Published:Friday | September 2, 2016 | 9:00 AM
Seen smiling here in this September 16, 2010, photo, Karl Blythe and Portia Simpson Miller will now face off for the presidency of the People’s National Party this month.

Dr Karl Blythe, who is seeking to unseat Portia Simpson Miller as president of the People's National Party (PNP), has withdrawn a request to debate her for the presidency, saying recent TV interviews show that she's "unwell".

"From both as a layman and as a medical person, observing her in the interviews attempting to answer, and the answers she gave, placed me in a position where as a medical doctor, I would say she is not well," Blythe said. The tone of the voice ... the eyes, the way you appear not to be in your surroundings even though you are there," he said yesterday in an interview on Nationwide News Network.

According to Blythe, he now "understands" why Simpson Miller did not participate in the national political debates ahead of the February 25 general election.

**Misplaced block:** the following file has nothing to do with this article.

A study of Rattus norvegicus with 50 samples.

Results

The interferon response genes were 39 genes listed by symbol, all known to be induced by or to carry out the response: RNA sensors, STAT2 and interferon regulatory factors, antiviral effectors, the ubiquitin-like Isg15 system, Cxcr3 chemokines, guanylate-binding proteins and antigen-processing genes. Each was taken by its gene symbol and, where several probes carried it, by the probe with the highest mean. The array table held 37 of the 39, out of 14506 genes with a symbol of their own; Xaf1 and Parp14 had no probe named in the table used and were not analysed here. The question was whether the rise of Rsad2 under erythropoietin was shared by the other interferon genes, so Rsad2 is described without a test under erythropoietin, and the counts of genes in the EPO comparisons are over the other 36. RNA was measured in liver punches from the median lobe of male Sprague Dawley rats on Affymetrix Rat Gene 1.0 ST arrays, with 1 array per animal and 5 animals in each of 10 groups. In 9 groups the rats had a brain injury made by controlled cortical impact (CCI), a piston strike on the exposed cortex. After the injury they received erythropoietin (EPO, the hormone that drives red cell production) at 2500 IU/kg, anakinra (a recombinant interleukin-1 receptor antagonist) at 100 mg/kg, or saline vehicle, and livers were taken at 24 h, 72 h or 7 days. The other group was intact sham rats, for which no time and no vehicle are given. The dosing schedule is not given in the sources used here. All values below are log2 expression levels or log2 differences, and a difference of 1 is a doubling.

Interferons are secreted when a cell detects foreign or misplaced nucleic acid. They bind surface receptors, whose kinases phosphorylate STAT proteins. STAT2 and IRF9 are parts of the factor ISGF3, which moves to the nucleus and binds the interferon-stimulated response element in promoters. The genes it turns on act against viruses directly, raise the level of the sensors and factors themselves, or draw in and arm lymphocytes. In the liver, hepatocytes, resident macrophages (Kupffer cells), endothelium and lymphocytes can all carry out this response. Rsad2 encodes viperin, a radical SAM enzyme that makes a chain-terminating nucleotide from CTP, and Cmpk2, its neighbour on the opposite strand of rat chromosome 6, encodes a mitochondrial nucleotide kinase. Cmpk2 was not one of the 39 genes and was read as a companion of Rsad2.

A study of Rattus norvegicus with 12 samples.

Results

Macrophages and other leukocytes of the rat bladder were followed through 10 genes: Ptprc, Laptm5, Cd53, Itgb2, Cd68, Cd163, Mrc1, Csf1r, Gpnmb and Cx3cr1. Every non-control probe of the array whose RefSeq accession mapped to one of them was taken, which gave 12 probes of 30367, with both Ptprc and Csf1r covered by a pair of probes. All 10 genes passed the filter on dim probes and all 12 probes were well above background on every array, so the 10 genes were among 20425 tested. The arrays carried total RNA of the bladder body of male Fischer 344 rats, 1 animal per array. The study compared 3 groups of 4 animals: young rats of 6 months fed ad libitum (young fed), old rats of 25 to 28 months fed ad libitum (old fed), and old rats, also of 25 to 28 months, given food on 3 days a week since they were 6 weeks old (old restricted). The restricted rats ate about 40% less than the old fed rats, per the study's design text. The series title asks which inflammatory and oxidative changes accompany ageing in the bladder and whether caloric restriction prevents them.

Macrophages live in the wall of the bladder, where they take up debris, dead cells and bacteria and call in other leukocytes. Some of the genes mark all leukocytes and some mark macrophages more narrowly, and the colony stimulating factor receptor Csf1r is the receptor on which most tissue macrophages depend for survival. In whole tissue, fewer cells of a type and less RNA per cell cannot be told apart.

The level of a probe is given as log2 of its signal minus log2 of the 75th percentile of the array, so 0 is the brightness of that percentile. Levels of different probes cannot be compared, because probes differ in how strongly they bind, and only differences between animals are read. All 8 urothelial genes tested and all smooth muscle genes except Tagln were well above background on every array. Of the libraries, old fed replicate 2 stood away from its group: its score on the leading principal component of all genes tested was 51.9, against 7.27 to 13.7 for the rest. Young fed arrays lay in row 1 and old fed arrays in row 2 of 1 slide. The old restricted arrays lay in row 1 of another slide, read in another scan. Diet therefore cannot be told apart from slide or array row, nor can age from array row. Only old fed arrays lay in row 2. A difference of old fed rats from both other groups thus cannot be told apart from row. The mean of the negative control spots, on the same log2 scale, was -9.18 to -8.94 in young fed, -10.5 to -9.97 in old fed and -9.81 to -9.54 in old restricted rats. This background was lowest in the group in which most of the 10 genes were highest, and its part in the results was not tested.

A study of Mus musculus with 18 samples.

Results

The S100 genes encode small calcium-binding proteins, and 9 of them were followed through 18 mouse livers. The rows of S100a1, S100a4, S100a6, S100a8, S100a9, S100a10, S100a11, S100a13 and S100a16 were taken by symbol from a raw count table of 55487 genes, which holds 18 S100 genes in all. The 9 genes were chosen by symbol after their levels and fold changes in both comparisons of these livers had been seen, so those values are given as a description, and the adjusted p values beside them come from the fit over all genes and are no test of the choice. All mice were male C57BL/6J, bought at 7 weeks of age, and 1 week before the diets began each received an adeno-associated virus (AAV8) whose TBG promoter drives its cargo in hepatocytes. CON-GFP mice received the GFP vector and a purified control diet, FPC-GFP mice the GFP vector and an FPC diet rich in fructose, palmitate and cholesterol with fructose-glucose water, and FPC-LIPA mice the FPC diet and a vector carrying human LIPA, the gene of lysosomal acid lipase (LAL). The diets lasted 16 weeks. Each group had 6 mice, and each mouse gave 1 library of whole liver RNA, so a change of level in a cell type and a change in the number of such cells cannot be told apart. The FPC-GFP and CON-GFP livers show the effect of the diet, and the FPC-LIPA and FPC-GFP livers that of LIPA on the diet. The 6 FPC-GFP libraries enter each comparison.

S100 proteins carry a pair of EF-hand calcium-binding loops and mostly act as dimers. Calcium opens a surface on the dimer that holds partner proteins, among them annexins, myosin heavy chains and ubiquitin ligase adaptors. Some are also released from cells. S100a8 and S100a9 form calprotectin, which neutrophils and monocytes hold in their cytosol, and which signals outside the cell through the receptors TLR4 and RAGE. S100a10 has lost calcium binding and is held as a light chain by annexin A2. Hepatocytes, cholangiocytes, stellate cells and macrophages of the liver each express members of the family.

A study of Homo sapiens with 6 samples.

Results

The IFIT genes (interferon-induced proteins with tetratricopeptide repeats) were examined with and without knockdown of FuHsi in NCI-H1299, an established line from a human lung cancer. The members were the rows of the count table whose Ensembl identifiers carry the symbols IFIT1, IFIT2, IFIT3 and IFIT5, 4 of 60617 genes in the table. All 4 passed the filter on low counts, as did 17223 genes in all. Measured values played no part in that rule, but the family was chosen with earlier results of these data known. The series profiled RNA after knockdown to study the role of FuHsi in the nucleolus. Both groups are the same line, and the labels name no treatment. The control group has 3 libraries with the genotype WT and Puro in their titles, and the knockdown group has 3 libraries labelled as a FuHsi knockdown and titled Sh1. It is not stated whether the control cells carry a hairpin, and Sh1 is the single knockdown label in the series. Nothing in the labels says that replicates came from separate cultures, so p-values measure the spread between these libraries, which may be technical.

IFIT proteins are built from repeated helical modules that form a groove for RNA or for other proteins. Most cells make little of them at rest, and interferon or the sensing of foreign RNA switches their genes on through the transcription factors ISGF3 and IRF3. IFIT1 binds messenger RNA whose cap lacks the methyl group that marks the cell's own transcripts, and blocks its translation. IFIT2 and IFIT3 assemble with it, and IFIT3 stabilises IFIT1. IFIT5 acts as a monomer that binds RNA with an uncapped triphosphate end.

Now, Blythe, who was pushing for a debate with Simpson Miller, says he no longer wants to participate because "I will never destroy the dignity of a Comrade who has served our party to the best of her ability".

Simpson Miller gave the two television interviews this week amid the campaign donations scandal rocking the 78-year-old party.

 

GET RID OF HANDLERS

 

Meanwhile, Blythe is urging the PNP president to get rid of her handlers, "who seek to expose her for their personal aggrandisement".

As an example, he pointed to Simpson Miller's aide, Sandrea Falconer, and her interventions in Simpson Miller's interview on Television Jamaica, aired on Wednesday.

"These persons, they have never been subjected to the delegates of the party, they have never been subjected to a vote for a position they hold, and yet they tend to be dictating to the leader of the Opposition how to answer, when to answer, and what not to answer," he said.

"I can only assume, therefore, it is to keep themselves in the positions which they now occupy."

Last night, in reaction to Blythe, Falconer told The Gleaner: "I have no comment on the matter."

Blythe has called for Simpson Miller to go and allow for 'renewal', following the party's election loss, and more recently, arising from the alleged misappropriation of money donated to the party by senior members.

Blythe, who lost a past bid to be president, is a former housing minister who resigned in 2002 over the Operation PRIDE housing scandal.